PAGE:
Scrape-squeak-squeak. Scrape-squeak-squeak. Dunk-gadunk squeeeee.
“ I think we have rats in the attic.” I stood in the hall looking up.
Scott came from his office and listened with me. “Attic fan.”
“But it sounds like The Devil in The Exorcist. You remember that scene where Ellen Burstyn tries to convince the housekeeper there’s a rodent infestation, only it turns out to be Satan?”
“Jessie, the only thing I remember about The Exorcist is that you said it was suspense and dragged me off to see the director’s cut in 2000.”
“It is suspense! And it sounds like it’s living in our attic.” I pointed at the ceiling.
“Attic fan.” He returned to his office.
I followed. “And the housekeeper keeps insisting there aren’t any rats, and that’s true, because…”
Scott rested his head in one hand, and then went to the kitchen without listening to the end of my sentence. He handed me a flashlight and went for the ladder. The outside thermometer said 102. But the when he came back to the hall and moved the ceiling square aside, the attic felt more like 130.
He climbed up and banged along the aisle that runs the length of the house. I followed his progress and stopped where his noise ended. The squeaking thunks continued their intermittent song and then suddenly cut out. Silence.
Bump schlep-schlep thud.
“Are you alright?”
“I’m fine. Just hold the ladder still, will you?” Scott passed me the flashlight.
Sweat drenched, he stepped down.
“Well? What was it?” I handed him a towel.
He mopped his forehead. “Attic fan.”
“Are you sure? How did you make it stop? Do we need to fix it?”
“Yes, I’m sure. And I turned the sensor up so it won’t crank on when it’s still so cool.” He handed me back the soaked towel. Leaving the ladder behind, he went to the kitchen for a long drink of ice water.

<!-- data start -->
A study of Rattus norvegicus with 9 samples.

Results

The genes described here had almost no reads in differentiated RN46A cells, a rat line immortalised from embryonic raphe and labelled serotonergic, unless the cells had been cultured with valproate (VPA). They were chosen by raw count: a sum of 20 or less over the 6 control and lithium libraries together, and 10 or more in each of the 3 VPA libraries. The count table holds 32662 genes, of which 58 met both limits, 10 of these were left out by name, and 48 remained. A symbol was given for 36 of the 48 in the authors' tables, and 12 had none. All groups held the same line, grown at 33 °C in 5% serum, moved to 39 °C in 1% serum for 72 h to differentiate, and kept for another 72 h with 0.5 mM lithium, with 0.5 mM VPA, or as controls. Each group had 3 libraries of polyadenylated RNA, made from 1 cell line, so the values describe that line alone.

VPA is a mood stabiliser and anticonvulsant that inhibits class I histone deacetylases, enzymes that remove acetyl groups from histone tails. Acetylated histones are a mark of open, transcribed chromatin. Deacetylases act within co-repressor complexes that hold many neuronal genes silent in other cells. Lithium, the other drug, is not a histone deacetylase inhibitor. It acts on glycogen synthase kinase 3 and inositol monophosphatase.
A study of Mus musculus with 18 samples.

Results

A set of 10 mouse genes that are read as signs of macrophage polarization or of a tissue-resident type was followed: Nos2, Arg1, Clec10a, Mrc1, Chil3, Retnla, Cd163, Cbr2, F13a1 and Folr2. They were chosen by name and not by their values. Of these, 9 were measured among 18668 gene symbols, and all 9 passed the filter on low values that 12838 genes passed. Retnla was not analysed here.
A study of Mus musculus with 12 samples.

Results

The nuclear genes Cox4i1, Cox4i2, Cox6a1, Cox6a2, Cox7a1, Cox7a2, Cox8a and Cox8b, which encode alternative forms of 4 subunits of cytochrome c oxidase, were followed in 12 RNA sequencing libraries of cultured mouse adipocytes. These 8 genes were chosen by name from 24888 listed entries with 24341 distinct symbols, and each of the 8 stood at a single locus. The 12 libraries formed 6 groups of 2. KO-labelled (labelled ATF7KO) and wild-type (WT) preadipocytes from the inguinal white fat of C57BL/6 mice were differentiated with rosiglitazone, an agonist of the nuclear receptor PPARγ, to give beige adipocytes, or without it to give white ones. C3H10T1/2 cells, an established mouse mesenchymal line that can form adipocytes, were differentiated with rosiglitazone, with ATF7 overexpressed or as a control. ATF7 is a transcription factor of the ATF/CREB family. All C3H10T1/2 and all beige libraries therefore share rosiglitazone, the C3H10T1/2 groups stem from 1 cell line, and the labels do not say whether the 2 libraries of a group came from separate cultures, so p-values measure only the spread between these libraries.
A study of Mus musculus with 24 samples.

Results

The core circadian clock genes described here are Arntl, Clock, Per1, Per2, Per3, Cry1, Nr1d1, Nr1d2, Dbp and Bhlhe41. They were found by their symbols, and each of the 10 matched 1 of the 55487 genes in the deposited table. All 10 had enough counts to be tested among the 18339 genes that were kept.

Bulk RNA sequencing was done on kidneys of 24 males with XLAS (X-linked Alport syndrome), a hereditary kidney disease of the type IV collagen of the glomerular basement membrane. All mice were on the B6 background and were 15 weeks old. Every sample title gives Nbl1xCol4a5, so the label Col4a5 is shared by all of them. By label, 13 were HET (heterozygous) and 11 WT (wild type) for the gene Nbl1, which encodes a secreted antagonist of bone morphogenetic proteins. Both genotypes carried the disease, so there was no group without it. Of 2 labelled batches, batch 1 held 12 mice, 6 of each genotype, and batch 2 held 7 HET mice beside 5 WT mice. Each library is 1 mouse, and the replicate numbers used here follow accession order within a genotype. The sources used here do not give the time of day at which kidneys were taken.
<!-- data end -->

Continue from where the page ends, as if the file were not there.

“What about fixing it??”
He shook his head. “I can’t even figure out how to turn it off.”
“But do we …”
“Let me ask you this. If we don’t fix it, is there any possibility you will stop believing The Lord of the Flies is hiding out under our old coffee table up there playing with the K’Nex that Sam’s too young for?”
I looked at the ground. “Probably not.”
“I’ll call Dixie Electric in the morning.” He put down his empty glass and went back to collect the ladder.
“What do you think it’s going to cost?”
“Jessie, I’m dealing with one problem at a time today. I’ve done basic demonology. I’m not starting in on accounting.”
He carried the ladder back out. I stood in the hall and listened. After a few minutes, the sound started again. Scrape-squeak-squeak. Scrape-squeak-squeak. Dunk-gadunk squeeeee. I wondered if we really had to wait until morning, or if I could call Dixie Electric right away. I wondered if they would understand that this was an emergency.
Jessie Powell is the Jester Queen. She likes to tell you about her dog, her kids, her fiction, and her blog, but not necessarily in that order.